Today is the 70th anniversary of the D-Day invasion.
I have had the honor of visiting the American Cemetery in Normandy. I've been looking for my old photo albums to dig up a pic for you, but so far I haven't found them. If I do I'll update with a photo. If you saw the movie Saving Private Ryan, you saw the cemetery in the opening scene. It is one of the few cemeteries that I have visited that I found to be some how majestic. It's as if the graves themselves are a monument to the men in them. If a graveyard can be a place that inspires pride in ones country, the one America dug for her soldiers overlooking the D-Day beaches does.
That statement will strike some as purely sentimental patriotic nonsense. It has been a quarter of a century since I was in Normandy. I still remember that feeling from my visit. Perhaps its just a silly emotional reaction. I don't know. That is the way I remember feeling that day.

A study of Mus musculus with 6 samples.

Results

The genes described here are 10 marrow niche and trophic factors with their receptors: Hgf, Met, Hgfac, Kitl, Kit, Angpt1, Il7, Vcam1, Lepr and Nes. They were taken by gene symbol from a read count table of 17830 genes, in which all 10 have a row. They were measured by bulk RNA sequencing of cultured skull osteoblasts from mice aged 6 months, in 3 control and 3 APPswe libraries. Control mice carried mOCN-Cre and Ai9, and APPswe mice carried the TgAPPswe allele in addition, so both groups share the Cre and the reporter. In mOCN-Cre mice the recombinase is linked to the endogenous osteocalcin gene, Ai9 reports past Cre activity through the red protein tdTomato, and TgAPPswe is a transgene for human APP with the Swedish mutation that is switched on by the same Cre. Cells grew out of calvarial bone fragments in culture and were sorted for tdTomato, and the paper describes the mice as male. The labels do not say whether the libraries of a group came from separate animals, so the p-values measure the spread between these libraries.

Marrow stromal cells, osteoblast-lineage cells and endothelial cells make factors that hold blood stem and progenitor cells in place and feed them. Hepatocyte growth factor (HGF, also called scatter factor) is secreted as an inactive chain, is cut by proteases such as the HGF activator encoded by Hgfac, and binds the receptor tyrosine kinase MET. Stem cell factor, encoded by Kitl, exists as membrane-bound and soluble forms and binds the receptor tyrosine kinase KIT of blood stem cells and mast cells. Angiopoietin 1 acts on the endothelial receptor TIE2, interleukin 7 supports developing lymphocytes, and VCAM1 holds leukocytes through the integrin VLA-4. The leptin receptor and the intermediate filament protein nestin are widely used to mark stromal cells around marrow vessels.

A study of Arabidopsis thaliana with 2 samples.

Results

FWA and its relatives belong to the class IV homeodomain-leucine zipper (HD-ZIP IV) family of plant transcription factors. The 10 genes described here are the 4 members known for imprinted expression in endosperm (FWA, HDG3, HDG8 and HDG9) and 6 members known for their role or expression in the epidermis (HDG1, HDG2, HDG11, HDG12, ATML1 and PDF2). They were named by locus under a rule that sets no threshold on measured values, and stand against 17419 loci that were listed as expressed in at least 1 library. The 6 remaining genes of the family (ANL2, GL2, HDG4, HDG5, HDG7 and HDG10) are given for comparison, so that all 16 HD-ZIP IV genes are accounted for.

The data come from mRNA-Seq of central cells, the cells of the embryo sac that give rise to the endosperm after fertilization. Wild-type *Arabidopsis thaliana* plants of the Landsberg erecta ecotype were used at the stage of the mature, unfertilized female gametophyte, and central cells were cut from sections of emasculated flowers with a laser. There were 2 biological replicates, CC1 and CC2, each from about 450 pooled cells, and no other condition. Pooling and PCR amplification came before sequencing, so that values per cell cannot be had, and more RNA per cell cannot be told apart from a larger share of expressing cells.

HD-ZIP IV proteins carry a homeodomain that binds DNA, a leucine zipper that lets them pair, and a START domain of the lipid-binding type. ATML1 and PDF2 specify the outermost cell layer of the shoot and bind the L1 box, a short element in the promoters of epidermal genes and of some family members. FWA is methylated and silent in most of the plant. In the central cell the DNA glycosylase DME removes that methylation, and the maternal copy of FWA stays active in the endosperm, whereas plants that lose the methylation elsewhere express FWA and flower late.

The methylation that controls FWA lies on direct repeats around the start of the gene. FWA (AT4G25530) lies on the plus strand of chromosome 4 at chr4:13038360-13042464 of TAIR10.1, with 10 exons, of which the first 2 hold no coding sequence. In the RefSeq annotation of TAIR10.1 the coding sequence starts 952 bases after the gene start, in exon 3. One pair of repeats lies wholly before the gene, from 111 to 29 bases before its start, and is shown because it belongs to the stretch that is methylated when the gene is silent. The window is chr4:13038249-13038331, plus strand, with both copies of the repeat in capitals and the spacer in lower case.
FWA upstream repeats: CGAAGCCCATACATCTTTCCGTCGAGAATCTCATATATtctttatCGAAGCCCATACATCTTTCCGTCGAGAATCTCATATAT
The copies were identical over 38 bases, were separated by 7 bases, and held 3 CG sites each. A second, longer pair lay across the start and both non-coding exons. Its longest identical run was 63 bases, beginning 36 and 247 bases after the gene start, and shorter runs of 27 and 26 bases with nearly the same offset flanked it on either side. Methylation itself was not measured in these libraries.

I saw this story about a man who was the first out of his landing craft on D-Day. He carried no weapons. He was there to fight a different battle. He wasn't a medic. He was a Chaplin. He started the day by conducting services for the men aboard eleven of the ships waiting for the invasion. Then he was the first off his LC when they hit the beach under fire. He ran, dodging bullets to the sides of wounded men and prayed with them.
No mega church pastor can say that. George Barber knew what it was to be a minister. Col Barber called his unseen fortitude under fire faith. He also had a fair amount of guts.